Posted 12/7/2011 6:58am by Andrea.

Jane Austen. The mere mention of her name sends some bibliophiles swooning.

I am a fan, but not a take-a-trek-to-Bath, festival-going, dress-up-in-period-costume kind of fan. Just a regular, everyday kind of fan.

But Interweave magazine recently came out with a magazine called Jane Austen Knits and now my head is swimming with all things Jane.

I've taken out every adaptation of every Jane Austen movie that our library system has. Same with the audio books so I can knit and listen to her stories at the same time. I fear I am turning into a certified Jane fan -- or maybe a certifiable fan.

I seriously looked at these on the Jane Austen Centre's website. Somebody stop me.

The patterns in Jane Austen Knits are not something I would normally knit. I like most of them, but they are delicate and refined -- two words that do not normally describe my knitting.

My knitting is usually described as chunky and functional. Bulky yarns. Not lacey yarns. Easy patterns. Not hard patterns.

But I am expanding my horizons. "As God as my witness, they're not going to lick me." I'm going to knit some of these patterns. (Different author, different time period, but anytime you have the opportunity to throw in a Gone with the Wind quote, you've got to take it!)

The patterns are divided into themes: Country, Manor, Garden & Town. I will knit one from each section. Now remember, I am the world's slowest knitter, so this might take some time. But I will keep you updated.

Run, don't walk 'cause it's selling fast, to your nearest bookstore to get a copy of this magazine and start knitting. If you make something from one of the patterns, send me a picture and we'll post it here.

My hope is that Interweave will do a whole series of author-knit books. I personally would love a Laura Ingalls Wilder Knits. Or maybe a Lucy Maud Montgomery Knits.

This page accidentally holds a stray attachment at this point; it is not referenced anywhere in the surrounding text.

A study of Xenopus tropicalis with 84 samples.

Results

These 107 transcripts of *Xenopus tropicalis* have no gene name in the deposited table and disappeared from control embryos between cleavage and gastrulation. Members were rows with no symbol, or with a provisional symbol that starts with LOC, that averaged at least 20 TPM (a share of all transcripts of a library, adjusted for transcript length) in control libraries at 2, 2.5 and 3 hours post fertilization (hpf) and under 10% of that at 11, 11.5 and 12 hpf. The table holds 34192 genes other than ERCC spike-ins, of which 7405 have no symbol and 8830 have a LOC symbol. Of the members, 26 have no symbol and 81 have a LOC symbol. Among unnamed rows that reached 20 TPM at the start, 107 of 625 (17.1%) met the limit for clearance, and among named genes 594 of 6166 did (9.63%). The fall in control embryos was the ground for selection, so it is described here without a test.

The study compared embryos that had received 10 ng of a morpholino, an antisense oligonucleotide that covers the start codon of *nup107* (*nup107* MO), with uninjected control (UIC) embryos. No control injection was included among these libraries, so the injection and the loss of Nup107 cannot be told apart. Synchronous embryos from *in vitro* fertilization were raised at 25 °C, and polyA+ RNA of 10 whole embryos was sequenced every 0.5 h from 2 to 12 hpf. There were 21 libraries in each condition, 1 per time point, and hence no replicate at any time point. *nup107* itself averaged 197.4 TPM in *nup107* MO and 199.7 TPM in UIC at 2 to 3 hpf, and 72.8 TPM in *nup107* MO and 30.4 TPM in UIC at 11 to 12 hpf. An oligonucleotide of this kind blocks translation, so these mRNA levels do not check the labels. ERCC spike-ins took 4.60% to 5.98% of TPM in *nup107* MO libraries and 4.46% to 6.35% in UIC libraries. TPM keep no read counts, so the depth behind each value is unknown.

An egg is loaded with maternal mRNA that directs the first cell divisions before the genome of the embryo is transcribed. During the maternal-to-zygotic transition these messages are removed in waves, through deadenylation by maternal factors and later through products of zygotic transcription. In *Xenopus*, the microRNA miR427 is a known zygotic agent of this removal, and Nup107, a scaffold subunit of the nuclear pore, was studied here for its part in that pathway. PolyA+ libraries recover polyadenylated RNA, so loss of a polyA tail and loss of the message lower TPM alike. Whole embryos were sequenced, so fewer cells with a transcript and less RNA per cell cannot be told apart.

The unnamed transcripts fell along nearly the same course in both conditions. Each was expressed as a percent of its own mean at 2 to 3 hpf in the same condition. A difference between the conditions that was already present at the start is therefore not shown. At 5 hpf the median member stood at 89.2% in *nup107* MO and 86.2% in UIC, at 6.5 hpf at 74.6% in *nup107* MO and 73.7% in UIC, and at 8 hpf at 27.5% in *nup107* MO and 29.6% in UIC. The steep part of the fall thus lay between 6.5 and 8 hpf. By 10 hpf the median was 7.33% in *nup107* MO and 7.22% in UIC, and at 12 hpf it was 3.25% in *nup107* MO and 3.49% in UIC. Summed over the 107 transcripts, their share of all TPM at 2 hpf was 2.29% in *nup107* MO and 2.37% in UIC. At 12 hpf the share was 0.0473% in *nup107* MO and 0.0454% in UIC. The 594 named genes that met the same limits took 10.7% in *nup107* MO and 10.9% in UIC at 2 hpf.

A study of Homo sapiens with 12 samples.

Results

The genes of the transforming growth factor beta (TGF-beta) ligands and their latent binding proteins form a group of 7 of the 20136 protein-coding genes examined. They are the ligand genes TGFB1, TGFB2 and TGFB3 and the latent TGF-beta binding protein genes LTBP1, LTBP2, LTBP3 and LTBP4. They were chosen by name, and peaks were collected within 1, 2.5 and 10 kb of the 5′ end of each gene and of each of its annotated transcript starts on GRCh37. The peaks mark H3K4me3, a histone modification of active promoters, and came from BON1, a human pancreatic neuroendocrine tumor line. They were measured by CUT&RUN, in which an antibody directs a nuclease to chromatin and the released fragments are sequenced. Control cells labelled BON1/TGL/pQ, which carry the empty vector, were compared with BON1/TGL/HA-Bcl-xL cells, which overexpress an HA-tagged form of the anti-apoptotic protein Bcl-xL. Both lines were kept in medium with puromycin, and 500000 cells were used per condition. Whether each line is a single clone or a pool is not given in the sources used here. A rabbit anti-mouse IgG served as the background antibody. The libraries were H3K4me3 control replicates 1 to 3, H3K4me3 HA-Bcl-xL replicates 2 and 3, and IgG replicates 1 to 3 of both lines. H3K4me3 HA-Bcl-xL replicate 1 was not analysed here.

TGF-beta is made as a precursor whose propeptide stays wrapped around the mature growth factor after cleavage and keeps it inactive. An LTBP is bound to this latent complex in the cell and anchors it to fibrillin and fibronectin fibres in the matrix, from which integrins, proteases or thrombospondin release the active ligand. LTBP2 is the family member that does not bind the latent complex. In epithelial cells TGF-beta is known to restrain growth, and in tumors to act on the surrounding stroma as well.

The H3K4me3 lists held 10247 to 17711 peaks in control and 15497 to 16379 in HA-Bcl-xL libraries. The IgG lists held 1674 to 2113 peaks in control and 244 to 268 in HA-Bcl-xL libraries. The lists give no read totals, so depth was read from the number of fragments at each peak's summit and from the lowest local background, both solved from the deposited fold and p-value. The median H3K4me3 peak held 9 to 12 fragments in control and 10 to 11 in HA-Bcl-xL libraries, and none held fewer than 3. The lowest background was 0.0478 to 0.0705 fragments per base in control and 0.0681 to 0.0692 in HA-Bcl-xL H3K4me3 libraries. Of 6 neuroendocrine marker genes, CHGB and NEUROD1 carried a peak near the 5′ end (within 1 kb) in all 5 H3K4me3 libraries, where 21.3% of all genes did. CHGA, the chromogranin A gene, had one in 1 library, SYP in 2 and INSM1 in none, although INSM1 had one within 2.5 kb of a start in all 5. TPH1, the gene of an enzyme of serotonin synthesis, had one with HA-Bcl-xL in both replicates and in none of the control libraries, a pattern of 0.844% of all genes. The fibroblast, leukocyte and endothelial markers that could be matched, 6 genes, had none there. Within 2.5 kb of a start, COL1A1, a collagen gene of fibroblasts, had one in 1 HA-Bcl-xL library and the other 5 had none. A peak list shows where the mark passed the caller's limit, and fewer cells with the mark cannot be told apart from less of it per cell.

But for now, Jane and I will spend the winter knitting together.

(all knitting photos are from Jane Austen Knits 2011)

Tags: Knitting

Farm Fresh Eggs

heritage breed chicken eggs

How do your eggs measure up?

Purchasing grocery store eggs is a complicated thing. There are lots of decisions to make. White, brown, organic, cage-free, free range. What does it all mean? Isn't an egg just an egg?

The answer is no. Not all eggs are created equal.

First, let's talk color. The color of the shell does not determine the nutritional value of the egg. Different breeds of chickens lay different color eggs. We sell a mix of blue, green, dark brown, brown, pinkish and white eggs from a variety of heritage breed chickens. The nutritional content of the eggs comes from the chicken's diet and has no relation to shell color.

The best way to buy fresh, nutrient-dense eggs is directly from a farmer who allows the chickens access to pasture and a more natural, varied diet, including bugs, worms and fresh vegetables, in addition to regular portions of chicken feed.

If you can't buy from a local farmer, this will help you decipher the labels you'll find on eggs sold in grocery stores:

Certified Organic: Eggs from chickens which have been fed an organic, vegetable diet. The use of antibiotics and cages is forbidden. However, debeaking and forced molting are still allowed. The chickens must have access to the outdoors, but there are no regulations on if this is on pasture or just a fenced, outdoor hard surface pen.

Free Range: Chickens are allowed access to the outdoors. It does not mean they spend their days outside. They may or may not. There are no regulations on the time or size of their outdoor range. Flocks raised in warehouses or hoop houses with access to dirt or concrete floors, with an occasional trip outdoors, can be considered free range.

Certified Humane: Uncaged birds with access to perches, nesting boxes and an area for dust baths. There are strict limits on the number of birds per square foot. They may or may not have access to the outdoors. Forced molting is not allowed. Beak trimming to reduce fighting is acceptable, but debeaking is not.

We sell our eggs at the farm on a first-come, first-served basis for $3.50/dozen. We think once you've eaten one of our eggs, you'll never buy a supermarket egg again.